Man accused of threatening to kill Muslims is a ‘victim’ of alt-right social media, his attorneys say

LAPD officers discuss the arrest of an Agoura Hills man who is accused of threatening the Islamic Center of Southern California. (Video by Al Seib / Los Angeles Times)


An Agoura Hills man who state prosecutors say called the Islamic Center of Southern California and threatened to kill people because they were Muslim made some “intemperate comments” but is basically a decent man who is a victim of today’s toxic political climate, his attorney said Friday.

Investigators allege that Mark Feigin, 40, called the center twice last month, at one point threatening to kill its members because of his “hatred for Muslims and his belief that Muslims will destroy the United States,” Los Angeles police Cmdr. Horace Frank said at a news conference this week.

The L.A. Police Department launched an investigation into the calls and arrested Feigin during a traffic stop Oct. 19, Frank said. Police searched his Agoura Hills home and found several guns — rifles, shotguns, handguns — and thousands of rounds of ammunition in his Agoura Hills home, the commander said.


But the guns were just a collection and Feigin never fired them, said Robert Sheahen, one of his attorneys. He acknowledged Feigin “made some intemperate comments,” but said he is not conceding his client’s guilt.

The attorneys also released a statement Friday saying their client has no prior criminal record and poses no threat:

“Mark Feigin is a good, decent man. He has no criminal record and he is not a danger to anyone. He has worked as a Chinese translator, as a screenwriter and as a real estate developer,” the statement said. “If anything, Mr. Feigin was a victim of the toxic national discourse of this political season.”

Feigin has been exposed to a lot of “alt-right” media coverage that vilifies Muslims, his attorneys said. The so-called “alternative right” is described by the Southern Poverty Law Center as a movement of groups and individuals — largely to be found on social media and the Internet — who espouse extreme right-wing ideology and white identity politics. The movement has gained a higher profile for its embrace of Republican presidential candidate Donald Trump.

“Mr. Feigin now realizes we must work as a nation to put an end to fear and intolerance,” the statement said. “Our Islamic brethren must be both protected and respected. We hope to be able to reach out to Islamic representatives in the near future to begin a process of apology, contrition, dialogue — and education.”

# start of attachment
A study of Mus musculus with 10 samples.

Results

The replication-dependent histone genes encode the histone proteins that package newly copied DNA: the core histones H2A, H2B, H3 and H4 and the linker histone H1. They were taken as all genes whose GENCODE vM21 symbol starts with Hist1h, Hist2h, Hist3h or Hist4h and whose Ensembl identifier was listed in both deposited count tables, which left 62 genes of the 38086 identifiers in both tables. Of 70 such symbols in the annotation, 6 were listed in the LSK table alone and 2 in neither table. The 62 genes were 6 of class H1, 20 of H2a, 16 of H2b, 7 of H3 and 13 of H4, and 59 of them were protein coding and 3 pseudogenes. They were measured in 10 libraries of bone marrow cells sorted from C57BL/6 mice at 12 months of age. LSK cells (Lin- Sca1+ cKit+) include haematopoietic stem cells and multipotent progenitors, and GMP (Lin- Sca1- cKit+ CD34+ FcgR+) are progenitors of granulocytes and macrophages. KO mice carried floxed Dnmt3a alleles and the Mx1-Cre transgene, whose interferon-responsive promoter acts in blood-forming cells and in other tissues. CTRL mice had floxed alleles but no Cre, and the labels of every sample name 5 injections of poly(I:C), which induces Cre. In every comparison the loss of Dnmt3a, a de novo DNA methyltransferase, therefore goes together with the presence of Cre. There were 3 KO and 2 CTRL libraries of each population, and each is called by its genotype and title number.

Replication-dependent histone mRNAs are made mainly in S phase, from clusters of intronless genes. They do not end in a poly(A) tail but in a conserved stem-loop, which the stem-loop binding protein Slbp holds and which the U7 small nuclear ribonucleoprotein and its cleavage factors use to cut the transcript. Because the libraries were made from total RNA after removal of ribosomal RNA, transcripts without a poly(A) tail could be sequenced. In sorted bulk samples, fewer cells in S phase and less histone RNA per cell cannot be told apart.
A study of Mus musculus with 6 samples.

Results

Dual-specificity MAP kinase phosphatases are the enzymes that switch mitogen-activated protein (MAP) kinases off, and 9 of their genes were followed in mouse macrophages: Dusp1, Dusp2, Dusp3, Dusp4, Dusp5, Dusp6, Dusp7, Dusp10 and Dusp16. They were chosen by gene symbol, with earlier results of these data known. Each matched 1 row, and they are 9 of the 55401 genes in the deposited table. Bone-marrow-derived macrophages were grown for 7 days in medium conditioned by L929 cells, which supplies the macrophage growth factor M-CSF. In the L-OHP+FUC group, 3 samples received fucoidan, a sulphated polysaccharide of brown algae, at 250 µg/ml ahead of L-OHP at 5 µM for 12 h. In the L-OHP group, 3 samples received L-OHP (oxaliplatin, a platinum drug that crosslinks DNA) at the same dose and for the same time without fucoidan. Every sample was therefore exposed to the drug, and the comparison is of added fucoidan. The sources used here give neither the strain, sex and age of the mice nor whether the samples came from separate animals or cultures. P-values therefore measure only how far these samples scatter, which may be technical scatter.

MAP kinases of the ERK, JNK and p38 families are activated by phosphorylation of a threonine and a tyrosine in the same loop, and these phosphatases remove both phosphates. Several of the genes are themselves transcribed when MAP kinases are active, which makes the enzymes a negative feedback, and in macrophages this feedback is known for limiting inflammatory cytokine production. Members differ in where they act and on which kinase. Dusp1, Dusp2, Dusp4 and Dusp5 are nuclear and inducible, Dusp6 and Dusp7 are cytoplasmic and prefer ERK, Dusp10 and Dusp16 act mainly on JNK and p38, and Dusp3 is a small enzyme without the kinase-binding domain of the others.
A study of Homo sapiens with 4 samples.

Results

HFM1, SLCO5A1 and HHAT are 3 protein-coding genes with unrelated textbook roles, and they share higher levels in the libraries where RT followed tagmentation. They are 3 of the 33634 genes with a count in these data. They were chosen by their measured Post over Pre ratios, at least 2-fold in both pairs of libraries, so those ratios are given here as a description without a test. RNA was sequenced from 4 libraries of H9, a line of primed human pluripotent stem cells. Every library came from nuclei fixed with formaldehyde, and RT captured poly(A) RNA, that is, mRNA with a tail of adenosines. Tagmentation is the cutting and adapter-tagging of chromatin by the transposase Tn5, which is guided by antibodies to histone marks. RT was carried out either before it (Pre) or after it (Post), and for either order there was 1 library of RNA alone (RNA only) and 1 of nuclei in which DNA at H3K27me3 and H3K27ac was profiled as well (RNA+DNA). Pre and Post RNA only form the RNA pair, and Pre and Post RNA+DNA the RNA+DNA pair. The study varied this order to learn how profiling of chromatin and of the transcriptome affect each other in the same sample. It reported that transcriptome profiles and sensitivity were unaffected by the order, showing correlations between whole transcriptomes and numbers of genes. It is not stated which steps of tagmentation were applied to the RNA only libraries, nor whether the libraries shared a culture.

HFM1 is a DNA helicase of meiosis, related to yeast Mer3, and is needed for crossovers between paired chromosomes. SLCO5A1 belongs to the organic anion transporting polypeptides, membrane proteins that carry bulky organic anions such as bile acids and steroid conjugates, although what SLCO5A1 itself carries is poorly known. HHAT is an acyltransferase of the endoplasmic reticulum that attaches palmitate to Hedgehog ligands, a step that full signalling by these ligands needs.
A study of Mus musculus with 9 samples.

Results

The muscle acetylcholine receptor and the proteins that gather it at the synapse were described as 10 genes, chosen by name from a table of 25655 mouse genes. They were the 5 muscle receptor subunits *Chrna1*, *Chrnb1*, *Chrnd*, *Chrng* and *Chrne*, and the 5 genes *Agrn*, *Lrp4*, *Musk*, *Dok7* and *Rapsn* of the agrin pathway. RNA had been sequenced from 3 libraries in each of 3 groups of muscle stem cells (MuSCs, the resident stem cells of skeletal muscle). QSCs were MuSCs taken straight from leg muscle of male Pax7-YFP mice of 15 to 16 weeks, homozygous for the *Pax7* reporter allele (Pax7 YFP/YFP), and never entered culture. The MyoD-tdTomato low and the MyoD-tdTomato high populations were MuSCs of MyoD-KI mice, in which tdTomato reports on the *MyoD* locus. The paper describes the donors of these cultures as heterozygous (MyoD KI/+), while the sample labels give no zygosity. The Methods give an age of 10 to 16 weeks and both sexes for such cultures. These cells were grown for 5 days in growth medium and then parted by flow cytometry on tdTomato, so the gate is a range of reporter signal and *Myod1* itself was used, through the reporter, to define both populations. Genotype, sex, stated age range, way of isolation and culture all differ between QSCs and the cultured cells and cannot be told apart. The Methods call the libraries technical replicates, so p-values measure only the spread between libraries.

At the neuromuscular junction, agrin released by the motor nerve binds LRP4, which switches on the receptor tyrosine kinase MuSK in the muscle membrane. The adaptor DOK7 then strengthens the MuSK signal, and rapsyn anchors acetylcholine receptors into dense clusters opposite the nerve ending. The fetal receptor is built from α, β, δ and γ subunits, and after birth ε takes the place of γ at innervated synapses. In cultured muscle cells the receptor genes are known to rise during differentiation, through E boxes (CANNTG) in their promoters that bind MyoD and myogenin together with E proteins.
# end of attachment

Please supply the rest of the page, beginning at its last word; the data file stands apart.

State prosecutors charged Feigin with making criminal threats. His weapons and ammunition were seized pending the outcome of his case, Sheahen said.


Feigin faces an additional allegation of committing a hate crime and a misdemeanor count of making annoying telephone calls, according to documents filed in court last week. He is scheduled to be arraigned Nov. 10.

The first call to the Islamic Center came Sept. 19, when a man left a voicemail that was “peppered with vulgarity and espoused hatred toward the Muslim faith,” Frank said. The next day a man called again, threatening to kill the person who answered the phone along with other members of the center, police said.

“Unfortunately, in today’s political climate, such hate is not uncommon,” said Omar Ricci, a spokesman for the Islamic Center of Southern California. “We get a call every once in a while. This particular call rose to a different level.”

Frank did not specify how police identified Feigin as their suspect, saying only that police were able to “connect the voice to the person who called.” Investigators obtained warrants to arrest Feigin and search his home last week.

Though Feigin has a constitutional right to free speech, Frank said, “that right does not extend to making statements that threaten the well-being of others.”

“People make those calls all the time,” he said. “Where you cross the line is the threat to kill them. … That’s where free speech ends.”


Police are also looking into Facebook posts and tweets that may be connected to Feigin, Frank said. Many of the tweets shared by the LAPD include disparaging, profanity-laced remarks about Muslims, calling Muslims “filthy Islamic beasts” and saying they should be “quarantined.”

The tweets also included remarks against Muslim refugees — “drowning them is best,” one read.

Times staff writer Kate Mather contributed to this report.